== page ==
The Players Club of Swarthmore brings six average Joes to the stage with its season finale musical, The Full Monty. Based on the 1997 movie featuring six British blue-collar out-of-work steelworkers, the musical version – featuring a bouncy, witty score by David Yazbek and a funny and sensitive book by Terrence McNally – transplants the story to Buffalo, N.Y. After seeing their wives’ enthusiasm for a touring Chippendales act, Jerry Lukowski (Brian Seaman) convinces his friend David Bukatinsky (Joe Tabasco) and several other down-on-their-luck fellas to present a one-night only strip act.
With his strong voice and self-deprecating attitude, Tabasco is great as the “Fat Bastard” Bukatinsky. The rest of the strip act is also entertaining, especially Ben Long as the awkward laid-off steelworker Malcolm MacGregor. His excellent voice is showcased during “You Walk With Me.” The most laugh-out-loud moment is Noah “Horse” T. Simmons’ (Robert Harris) solo song “Big Black Man.” This is Harris’ first show at PCS after a 20-year hiatus, and it’s clear that he still has his musical and dancing chops. Strutting across the stage, Harris owns the role he’s played four times, finishing the number with a split. Alfred Lance Jr., as professional stripper Buddy “Keno” Walsh, is hilarious, performing his dance numbers in gold short shorts. (Liz Brennan is the Costume Coordinator, while Becky Wright is credited with Specialty Costumes.)
While the story of The Full Monty revolves around the men, the wives of the laid-off workers are crucial characters too, as the plot traces their reactions to the change in their men’s lives. Connie Pelesh’s voice and dance steps stand out during her performance as Vicki Nichols, the wife of laid-off steelworker Harold Nichols (Tim Whelan).
The cast is uniformly strong, but a few sound issues on opening night made it difficult to understand the actors’ lines at times. This was especially noticeable during “It’s a Woman’s World,” which features Sherri Carr (as David’s wife Georgie Bukatinksy) and the female ensemble at the strip club, when the lines were drowned out by the orchestra. However, this issue will certainly be resolved later in the run.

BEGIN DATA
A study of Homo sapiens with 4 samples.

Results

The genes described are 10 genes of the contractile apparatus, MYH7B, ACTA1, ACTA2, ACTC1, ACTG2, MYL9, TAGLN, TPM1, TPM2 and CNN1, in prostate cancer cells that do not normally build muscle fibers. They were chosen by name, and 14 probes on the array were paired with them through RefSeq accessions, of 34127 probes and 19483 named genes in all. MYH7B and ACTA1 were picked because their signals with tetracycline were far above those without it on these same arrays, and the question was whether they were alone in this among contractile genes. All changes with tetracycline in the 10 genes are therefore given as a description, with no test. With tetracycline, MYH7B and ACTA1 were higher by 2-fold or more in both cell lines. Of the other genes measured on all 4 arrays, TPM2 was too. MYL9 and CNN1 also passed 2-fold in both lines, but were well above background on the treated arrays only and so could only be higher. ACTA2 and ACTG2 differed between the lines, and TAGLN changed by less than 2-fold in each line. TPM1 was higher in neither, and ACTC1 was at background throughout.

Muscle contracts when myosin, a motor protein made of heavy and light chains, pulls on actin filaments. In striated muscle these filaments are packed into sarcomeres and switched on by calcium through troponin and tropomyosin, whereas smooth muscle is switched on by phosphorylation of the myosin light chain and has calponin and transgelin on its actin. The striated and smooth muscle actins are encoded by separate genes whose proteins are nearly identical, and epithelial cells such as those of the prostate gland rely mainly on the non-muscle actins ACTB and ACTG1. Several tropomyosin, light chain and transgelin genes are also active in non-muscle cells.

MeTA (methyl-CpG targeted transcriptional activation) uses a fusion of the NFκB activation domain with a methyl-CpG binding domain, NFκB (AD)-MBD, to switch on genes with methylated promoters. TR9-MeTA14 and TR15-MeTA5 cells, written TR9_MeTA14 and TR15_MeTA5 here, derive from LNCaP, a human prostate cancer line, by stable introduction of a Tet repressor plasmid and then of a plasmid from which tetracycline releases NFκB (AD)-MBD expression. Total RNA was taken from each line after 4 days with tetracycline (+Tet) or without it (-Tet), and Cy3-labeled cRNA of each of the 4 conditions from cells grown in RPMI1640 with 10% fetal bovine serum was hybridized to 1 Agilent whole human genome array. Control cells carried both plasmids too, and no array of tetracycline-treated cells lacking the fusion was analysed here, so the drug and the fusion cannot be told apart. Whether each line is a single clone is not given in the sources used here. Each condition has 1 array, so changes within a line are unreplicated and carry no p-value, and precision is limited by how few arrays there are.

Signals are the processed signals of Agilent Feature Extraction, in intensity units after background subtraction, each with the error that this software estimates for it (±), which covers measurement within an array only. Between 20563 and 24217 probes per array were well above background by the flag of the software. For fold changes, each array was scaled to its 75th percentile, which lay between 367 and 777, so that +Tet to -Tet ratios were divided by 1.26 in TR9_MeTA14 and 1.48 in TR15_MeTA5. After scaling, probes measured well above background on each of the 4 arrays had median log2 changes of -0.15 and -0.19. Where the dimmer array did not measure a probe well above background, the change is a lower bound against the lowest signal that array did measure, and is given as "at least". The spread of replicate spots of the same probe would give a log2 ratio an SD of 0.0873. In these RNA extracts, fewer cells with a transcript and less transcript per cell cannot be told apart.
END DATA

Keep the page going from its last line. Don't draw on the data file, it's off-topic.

Directors Emily Aaron Fishman and Anne Marie Scalies focus on how the characters work through their fears and anxieties about performing their strip act, as they find they have more in common than they expected.
The modest set, designed by Derek Jay Ross, features an urban setting of dark brick walls, sheet metal doors and trashcans; Chris Barbier’s severe lighting helps to set the atmostphere. The dark colors contribute to the downtrodden feel of the laid-off Buffalo steelworkers, and the industrial materials indicate a connection the characters have to the materials they are used to working with.
The mood created by the set is quickly lifted with the bright lights and dance music of “Let it Go,” which features the guys in their striptease act dressed in police uniforms, performing Fishman’s choreography. You’ll have to watch the musical in person to see if they really do “let it go.”
Running Time: Two hours, including a 15-minute intermission.